This time I’m going to share you a short demonstration of what you can achieve with the PowerApps. My case here is a user who needs self service control over some aspects of his virtual machine. In this case I’m going to demonstrate giving this user access to a “turbo boost” self service functionality. I assume that he usually get’s along well with small VM but every now and then requires plenty more of CPU capacity.
Starting from small
This is the initial setup for this demonstration. A E2s_v3 sized VM.
To get some data for comparison I’m going to run Prime95 benchmark and PassMark Performance test. Results are just as expected, with cheap VM size you cannot expect high performance.
Then it’s time to give the user the tools he needs! Let’s welcome a PowerApp called “ScaleTest”. This is published as a website and is fully accessible with a mobile phone.
Scaling vertically when needed
The user can launch the scale up process from the “ScaleTest” application. In the background the PowerApp calls an Azure automation runbook. This time it’s a powershell runbook with predefined values defining which VM to scale and desired size after scaling. After the runbook takes action the VM will restart. The hole process from pressing the button to finnish takes some 1-2 minutes. As a result we have a E64s_v3 VM instead of the E2s_v3 that we started with.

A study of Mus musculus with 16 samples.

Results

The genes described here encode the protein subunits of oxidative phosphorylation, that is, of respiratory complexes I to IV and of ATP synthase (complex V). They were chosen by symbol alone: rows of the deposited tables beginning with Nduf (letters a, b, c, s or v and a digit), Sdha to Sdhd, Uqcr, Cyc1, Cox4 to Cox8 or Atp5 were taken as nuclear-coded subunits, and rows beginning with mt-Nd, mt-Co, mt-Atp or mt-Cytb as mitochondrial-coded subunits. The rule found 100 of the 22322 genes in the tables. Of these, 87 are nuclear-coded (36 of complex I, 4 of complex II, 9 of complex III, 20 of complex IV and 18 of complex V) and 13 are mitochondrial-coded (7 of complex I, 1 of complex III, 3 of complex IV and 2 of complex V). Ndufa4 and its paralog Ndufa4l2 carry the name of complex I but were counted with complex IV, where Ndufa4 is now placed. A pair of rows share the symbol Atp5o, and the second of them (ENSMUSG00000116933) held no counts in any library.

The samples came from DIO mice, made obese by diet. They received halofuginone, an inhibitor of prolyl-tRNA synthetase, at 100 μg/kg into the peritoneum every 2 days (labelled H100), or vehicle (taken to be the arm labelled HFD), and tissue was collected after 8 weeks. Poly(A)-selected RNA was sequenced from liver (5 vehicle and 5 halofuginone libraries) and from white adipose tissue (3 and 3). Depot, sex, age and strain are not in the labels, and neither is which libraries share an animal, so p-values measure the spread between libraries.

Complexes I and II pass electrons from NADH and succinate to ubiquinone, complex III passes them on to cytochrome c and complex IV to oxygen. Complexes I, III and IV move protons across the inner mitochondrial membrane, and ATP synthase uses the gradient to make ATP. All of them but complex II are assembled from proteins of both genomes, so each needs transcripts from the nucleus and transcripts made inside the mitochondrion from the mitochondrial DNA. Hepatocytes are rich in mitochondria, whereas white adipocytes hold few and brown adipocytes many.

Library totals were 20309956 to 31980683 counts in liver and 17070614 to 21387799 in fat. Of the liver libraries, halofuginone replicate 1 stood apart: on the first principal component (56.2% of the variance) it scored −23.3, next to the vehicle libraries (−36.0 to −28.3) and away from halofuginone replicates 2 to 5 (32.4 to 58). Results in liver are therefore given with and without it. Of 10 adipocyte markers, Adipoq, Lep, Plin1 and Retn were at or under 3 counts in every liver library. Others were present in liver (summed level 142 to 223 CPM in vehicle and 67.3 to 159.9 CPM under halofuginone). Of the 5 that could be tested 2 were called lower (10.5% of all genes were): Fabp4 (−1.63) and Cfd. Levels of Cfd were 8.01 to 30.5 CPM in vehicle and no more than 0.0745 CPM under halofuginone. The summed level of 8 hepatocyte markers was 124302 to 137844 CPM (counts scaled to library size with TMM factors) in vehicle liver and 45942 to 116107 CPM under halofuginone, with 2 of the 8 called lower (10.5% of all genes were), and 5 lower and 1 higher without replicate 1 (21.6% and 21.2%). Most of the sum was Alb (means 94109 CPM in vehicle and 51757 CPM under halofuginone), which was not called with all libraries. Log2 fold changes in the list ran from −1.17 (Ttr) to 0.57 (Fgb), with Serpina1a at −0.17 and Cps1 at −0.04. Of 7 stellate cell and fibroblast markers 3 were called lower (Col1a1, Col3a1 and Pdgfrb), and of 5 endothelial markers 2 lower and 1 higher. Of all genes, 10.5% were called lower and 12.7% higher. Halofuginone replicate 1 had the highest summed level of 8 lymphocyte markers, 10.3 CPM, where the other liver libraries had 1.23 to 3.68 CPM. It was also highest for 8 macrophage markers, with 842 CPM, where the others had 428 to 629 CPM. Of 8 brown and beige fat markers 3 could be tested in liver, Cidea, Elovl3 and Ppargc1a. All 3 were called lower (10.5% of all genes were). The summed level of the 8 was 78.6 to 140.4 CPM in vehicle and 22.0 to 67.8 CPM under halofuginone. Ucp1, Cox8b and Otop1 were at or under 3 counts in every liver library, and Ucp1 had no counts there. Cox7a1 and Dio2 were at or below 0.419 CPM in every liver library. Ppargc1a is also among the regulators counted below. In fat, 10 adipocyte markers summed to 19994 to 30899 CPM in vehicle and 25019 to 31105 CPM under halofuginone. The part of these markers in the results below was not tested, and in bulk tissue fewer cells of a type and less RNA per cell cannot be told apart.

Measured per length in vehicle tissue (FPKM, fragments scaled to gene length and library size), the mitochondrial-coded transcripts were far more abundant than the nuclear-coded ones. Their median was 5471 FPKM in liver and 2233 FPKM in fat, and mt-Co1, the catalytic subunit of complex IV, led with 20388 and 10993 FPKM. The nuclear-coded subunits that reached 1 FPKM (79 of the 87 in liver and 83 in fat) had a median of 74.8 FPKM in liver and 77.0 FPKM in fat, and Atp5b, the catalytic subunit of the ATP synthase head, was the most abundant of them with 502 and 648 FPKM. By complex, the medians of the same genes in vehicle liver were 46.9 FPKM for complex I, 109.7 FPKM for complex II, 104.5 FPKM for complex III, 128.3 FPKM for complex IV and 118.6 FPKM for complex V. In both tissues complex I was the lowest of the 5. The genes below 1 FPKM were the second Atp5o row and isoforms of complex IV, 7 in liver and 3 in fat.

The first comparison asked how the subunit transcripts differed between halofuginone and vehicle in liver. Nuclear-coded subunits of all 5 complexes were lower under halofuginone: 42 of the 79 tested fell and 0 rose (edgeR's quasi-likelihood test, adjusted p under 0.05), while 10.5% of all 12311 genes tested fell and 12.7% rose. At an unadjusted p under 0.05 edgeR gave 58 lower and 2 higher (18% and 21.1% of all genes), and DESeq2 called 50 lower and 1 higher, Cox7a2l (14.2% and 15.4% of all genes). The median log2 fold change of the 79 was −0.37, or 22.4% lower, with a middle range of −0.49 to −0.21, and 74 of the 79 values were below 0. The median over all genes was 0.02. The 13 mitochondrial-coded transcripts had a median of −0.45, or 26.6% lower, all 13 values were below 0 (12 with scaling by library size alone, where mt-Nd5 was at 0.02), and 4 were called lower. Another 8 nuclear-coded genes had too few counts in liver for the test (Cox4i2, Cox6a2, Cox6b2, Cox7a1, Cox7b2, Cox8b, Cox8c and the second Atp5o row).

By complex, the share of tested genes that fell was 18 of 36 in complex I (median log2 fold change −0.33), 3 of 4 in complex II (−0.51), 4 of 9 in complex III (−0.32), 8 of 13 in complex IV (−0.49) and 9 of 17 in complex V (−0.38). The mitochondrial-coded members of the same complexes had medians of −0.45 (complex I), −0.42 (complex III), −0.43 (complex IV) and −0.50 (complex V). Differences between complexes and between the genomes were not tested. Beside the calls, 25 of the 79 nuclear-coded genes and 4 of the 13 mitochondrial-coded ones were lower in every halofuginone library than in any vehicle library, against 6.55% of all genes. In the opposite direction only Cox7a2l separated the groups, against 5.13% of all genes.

After the scale up I’m running the same tests again to see what kind of differences this makes.
For the Passmark total result we are seeing over 10 times the performance. For individual results the difference is even bigger (~30 times difference). Yey, this time hitting top 1% of submitted results!
|Average||21,6 times the performance of initial setup|
For the Prime95 we are also seeing over 20 times performance boost. The difference obviously depends on the workload used. And of course scaling vertically is somewhat cumbersome compared to horizontal scaling options but sometimes it’s the only possibility.
The user gets control of things with ease. For a newbie like me, it took less than a day to learn how to use Azure automation and PowerApps enough to create this demonstration.
If there would be an actual use case like this I would have achieved the following:
- Self service
- Cost efficiency (running small most of the time)
- Business benefits (running large when you need it)
Same magic works for scale down as well. You can combine what ever you need with this process. Perhaps you want to schedule forced scale down for every evening? Or scale down based on low CPU usage metrics? Or give the user access to some completely different aspects of his resources.